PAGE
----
Modeling with Animation in Mind

You just sculpted a new character concept, retopologized it, and added an armature…but then you move a bone and realize that your topology just doesn’t work as you’d hoped it would. Organic, stretching surfaces such as skin require carefully crafted topology that deforms well in a wide range of poses. Accounting for this variability is not an easy task, especially if you’re not skilled in animation or used to working with characters.

So, with this in mind, I’ve prepared a few tips from my own experiences of modeling for animation. With some practice, your topology may be able to work just as well when animated as it does when in a T-pose.

Align Faces with the Axis of Rotation

First up, face alignment. Aligning edge loops to the axis of animation can prevent faces from distorting and causing unwanted shading artifacts by ensuring that faces stay flat, even in extreme poses. In most cases, your topology will naturally align to the axis of animation. For example, an elbow will naturally have edge loops that flow in the same axis as movement. But paying special attention to how your loops flow can help in some tricky situations.


Notice how the faces become non-planar (flat) when they are deformed against the flow of the edge loops. At render, these faces are split into triangles that create an odd ribbed pattern countering the animator’s intent.

Keeping faces flat is the basis of why topology is important in the first place. This is why good topology in-game models is less vital (triangles are almost always flat!), and using n-gons ion modeling can be problematic. The more points you have to work with on a face, the more likely it is that you will have a non-planar surface.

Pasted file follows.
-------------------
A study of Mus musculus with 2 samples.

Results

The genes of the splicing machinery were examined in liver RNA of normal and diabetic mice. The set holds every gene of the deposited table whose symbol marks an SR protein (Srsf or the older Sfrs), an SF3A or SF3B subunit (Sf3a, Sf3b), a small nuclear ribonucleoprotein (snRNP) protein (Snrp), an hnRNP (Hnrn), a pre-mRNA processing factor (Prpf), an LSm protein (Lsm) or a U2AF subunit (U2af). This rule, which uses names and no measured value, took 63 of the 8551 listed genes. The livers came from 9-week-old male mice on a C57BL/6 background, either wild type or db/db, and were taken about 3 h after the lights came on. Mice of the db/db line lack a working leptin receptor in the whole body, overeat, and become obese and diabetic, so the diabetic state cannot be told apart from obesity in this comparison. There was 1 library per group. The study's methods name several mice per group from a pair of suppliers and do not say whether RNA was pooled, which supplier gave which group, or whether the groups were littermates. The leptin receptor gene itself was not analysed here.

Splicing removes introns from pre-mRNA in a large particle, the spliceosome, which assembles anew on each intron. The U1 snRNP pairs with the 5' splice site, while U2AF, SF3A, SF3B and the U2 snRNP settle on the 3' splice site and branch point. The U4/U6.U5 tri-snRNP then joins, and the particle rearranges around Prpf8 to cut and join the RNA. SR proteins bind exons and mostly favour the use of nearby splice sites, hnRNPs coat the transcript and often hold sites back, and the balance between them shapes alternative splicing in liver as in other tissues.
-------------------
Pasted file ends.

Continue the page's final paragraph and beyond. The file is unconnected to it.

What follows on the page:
Another tip for organic models is to follow the muscle structures of the deformation point you are modeling. If your topology roughly matches the underlying muscle structure, in most cases, the animated model will push and pull vertices along the same axis of the muscles.

Move Problems To Reduce Artifacts

Even the best models have areas that don’t deform well. Sometimes, the key to solving these issues isn’t eliminating them but moving them. For example, 5+ edge poles cannot be completely eliminated from a complex model, but moving them can help significantly reduce the problems poles cause. By the way, you can read more about moving edge poles in our article “Moving and Manipulating Edge Poles


Moving problem topology to areas with less deformation can make issues irrelevant in practical use. Moving an n-gon to a flat surface of your model can make it practically invisible in your final animation. See above how the edge pole is not in the corner of the shark fin? Instead of placing the pole where it naturally would be, the pole is moved out towards a neutral position where it will not interfere with the movement of the fin.

Extend Loops around the Insertion Point


Using extra edge loops in areas with heavy deformation is the easiest way to prepare your model for rigging/animation. In transition areas and muscle insertion points, extending loops past the deformation area into the flat surface of your model can allow joints to deform more naturally and be much easier to weight in rigging. In the case above, the turtle’s fin can now rotate to extreme angles without issues because of the extra loops. Pairing this with moving poles towards flat surfaces can solve many deformation problems.


In Blender, you can easily create extra loops around the insertion point of a deformation point by using the outset tool. Select a face loop and press “I” then “O” to create a ring of faces outside the selected faces.

Match Density with Movement Areas

If polygon counts are an issue, modeling deforming areas of your model (e.g., a character model’s face) with a higher density than non-deforming areas can help to reduce polygon counts without sacrificing good topology. For example, using edge loop reduction techniques, you can add density to your model’s key features and terminate edge loops before less key areas. While modeling with even mesh density can be a virtue, varying mesh density can be a lifesaver when working on heavy models.


Look how the density above increases in the knee and ankle. This ensures that when the leg bends, there isn’t excessive stretching or artifacting.

Have any tips of your own? Leave them in the comments below! Also, If you enjoyed this post, please consider supporting the site on Patreon to help pay for some of the costs of running the website!